President Obama’s second term has been under way for nearly a year now, so the time has come for a full-blown Struggle for the Soul of the Democratic Party, pitting unruly McGovernite hippies against smarmy Corporate Shill-o-crats. The conflict could be dated as far back as William Jennings Bryan, but the current outbreak seems to have begun with an op-ed in Monday’s Wall Street Journal by Jon Cowan and Jim Kessler of Third Way, a think tank of sorts dedicated to warning Democrats away from economic populism. The op-ed, with the unsurprising headline “Economic Populism Is a Dead End for Democrats,” argues … well, you know.
The completely predictable op-ed set in motion a series of semi-comic events. First, Mike Allen, inspired by Cowan and Kessler’s message, or possibly sniffing a potential new paid advertiser, used his influential tip sheet to call the op-ed a “Game Change.” Third Way and Allen excitedly retweeted mutual endorsements:
Then things started getting real. Warren passive-aggressively struck back by writing a letter to major Wall Street banks asking that they disclose their donations to think tanks. She didn’t name any particular think tanks, but the implication was obvious, and made explicit by liberal critics. Then this morning, Ben White, author of Politico’s financial tip sheet Morning Money, led off with a lengthy quote from an anonymous Republican depicting Warren as a paranoid smear artist:
The Warren letter was a mistake for a number of reasons. First, there is absolutely no evidence beyond feverish conspiracy talk that the banks asked Third Way to write an op-ed critical of Warren. Accusing the banks with no evidence puts Warren in the company of Larouche-like quacks. Second, attacking think tank donors makes Warren look like an opponent of a robust stream of idea development and discussion. This is, to say the least, an odd place for a former Harvard Law School professor to be, and will make even the taciturn pundits at AEI and Brookings very uncomfortable.
Third, Warren's ‘give me the names’ edict, sounds uncomfortably like the kind of demand that Joe McCarthy would have made in the 1950s.
Yes, Warren is a combination of Joe McCarthy and Lyndon LaRouche, because she asked Wall Street to voluntarily disclose some donations. This is just like the time Joe McCarthy asked the Communist Party to voluntarily disclose its Soviet agents working in government and then sold a bunch of crazy newsletters on street corners.
The skirmish has settled comfortably into well-worn grooves, somewhat obscuring the actual points of conflict. A few points are worth noting. First, Third Way’s Matt Bennett told me the group agrees with Warren that corporations should disclose their donations. That is, Warren’s allegedly McCarthyite/LaRouchian "Have you no shame?" conspiracy-mongering is also Third Way’s position. Second, per Bennett, Third Way receives less than one percent of its funding from financial institutions. But he conceded that its board of trustees is heavily represented by Wall Street veterans who donated personal funds earned through the financial sector.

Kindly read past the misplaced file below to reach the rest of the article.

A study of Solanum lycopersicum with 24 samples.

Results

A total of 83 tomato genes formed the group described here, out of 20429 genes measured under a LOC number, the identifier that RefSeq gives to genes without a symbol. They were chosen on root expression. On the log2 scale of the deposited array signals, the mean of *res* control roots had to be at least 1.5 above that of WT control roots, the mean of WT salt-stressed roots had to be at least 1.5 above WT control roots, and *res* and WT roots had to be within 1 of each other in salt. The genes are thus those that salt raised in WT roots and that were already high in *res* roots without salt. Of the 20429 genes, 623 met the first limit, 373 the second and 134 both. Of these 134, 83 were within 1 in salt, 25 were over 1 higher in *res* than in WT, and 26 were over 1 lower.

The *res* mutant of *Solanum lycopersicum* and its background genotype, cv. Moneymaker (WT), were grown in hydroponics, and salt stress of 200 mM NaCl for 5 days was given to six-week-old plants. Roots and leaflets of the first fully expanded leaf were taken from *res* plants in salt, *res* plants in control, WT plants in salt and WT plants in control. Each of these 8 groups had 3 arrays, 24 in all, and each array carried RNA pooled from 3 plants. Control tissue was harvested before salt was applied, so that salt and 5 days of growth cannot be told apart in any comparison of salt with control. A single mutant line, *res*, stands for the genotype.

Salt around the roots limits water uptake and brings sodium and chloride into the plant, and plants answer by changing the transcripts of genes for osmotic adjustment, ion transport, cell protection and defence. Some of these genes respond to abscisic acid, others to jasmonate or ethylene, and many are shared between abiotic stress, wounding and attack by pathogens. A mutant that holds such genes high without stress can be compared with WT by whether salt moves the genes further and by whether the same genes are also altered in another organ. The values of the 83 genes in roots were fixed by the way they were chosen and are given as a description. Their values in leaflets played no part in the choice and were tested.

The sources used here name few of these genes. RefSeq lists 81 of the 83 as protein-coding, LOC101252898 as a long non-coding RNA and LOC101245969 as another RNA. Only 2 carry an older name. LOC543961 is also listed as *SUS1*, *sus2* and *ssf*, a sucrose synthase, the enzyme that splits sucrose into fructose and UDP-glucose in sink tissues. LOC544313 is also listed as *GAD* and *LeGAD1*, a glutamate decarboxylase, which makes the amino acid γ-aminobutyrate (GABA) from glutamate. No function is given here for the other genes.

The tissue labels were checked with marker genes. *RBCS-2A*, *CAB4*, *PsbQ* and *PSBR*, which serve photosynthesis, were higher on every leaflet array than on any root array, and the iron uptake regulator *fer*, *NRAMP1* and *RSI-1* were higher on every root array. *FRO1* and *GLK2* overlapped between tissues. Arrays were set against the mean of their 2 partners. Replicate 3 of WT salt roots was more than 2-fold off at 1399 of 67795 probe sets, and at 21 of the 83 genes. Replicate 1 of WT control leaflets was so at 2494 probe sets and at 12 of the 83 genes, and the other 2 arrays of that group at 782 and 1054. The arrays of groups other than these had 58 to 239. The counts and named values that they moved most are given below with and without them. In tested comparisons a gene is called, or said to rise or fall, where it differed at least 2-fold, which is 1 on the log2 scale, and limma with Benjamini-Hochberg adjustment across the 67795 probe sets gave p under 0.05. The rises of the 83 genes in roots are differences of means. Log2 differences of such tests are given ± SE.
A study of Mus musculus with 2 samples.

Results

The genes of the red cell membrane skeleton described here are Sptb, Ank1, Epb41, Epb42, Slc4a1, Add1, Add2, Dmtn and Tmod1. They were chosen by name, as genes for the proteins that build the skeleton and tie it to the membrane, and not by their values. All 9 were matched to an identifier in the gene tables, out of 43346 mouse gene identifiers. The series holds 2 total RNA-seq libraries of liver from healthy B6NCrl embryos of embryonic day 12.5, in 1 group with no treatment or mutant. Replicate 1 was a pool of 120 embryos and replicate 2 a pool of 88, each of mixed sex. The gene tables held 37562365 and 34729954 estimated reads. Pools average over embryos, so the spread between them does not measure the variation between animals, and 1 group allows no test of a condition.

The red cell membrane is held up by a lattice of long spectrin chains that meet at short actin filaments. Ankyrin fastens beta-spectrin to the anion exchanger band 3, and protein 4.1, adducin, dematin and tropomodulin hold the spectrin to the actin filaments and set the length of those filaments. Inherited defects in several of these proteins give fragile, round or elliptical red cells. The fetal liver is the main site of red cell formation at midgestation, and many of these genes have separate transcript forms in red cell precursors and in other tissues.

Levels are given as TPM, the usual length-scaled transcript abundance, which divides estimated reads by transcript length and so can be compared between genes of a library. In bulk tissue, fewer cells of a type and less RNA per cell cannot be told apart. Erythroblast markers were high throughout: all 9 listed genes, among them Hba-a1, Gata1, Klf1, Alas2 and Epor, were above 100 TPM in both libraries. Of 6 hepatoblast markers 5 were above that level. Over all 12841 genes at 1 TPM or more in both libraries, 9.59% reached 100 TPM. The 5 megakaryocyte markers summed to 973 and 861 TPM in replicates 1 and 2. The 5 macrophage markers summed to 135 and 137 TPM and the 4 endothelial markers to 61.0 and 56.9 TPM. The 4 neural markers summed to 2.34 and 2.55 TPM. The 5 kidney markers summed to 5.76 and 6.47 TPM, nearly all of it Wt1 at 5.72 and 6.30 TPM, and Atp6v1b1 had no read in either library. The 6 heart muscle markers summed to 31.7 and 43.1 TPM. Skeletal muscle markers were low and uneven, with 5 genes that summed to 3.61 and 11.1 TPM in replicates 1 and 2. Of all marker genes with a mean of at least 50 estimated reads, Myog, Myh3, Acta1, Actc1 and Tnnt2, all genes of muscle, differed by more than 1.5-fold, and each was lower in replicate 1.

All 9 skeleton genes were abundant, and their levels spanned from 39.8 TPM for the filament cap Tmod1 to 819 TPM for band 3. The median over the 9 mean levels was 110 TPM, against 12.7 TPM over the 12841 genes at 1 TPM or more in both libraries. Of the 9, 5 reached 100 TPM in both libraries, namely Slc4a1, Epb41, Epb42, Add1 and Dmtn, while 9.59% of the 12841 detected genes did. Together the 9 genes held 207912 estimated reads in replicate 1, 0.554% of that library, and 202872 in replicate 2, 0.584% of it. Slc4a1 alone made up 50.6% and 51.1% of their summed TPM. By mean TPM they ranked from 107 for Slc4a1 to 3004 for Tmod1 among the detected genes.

Third, the op-ed by Cowan and Kessler overlooked the primary source of ideological distinction between Third Way and Warren: financial regulation. Warren’s most potent issue is her support for more stringent financial regulation that would dramatically shrink the role of the financial sector. Third Way supports financial regulation like Dodd-Frank, but is not cool with breaking up the big banks. If you browse the group’s “Capital Markets Initiative,” or, in particular, its primer, “Why Capital Markets Matter,” you come away with a clear sense of a group pushing back firmly against anti–Wall Street populism.
The primer is divided into sections “The Good,” “The Complex,” and “The Ugly.” (The normal word used in the middle here – bad – was presumably rejected as excessively downbeat.) The upshot is that, while regulation is needed, a strong (i.e., large and profitable) financial sector benefits each and every one of us:
Capital markets have become this era’s political piñata. They played a starring role in the 2008 economic collapse. And their complexity makes it difficult to understand the value of much of what capital markets do on a daily basis.
But capital markets are essential to a vibrant U.S. economy. If the U.S. is going to restore long-term growth and middle class opportunity, we must retain our status as the global capital markets leader.
This is probably the sharpest and most consequential point of disagreement between the populist and centrist wings of the party. But it’s not the issue Third Way chooses to highlight to support its case that economic populism is a death trap, and for a good reason: because Warren’s stance on this issue is extremely popular.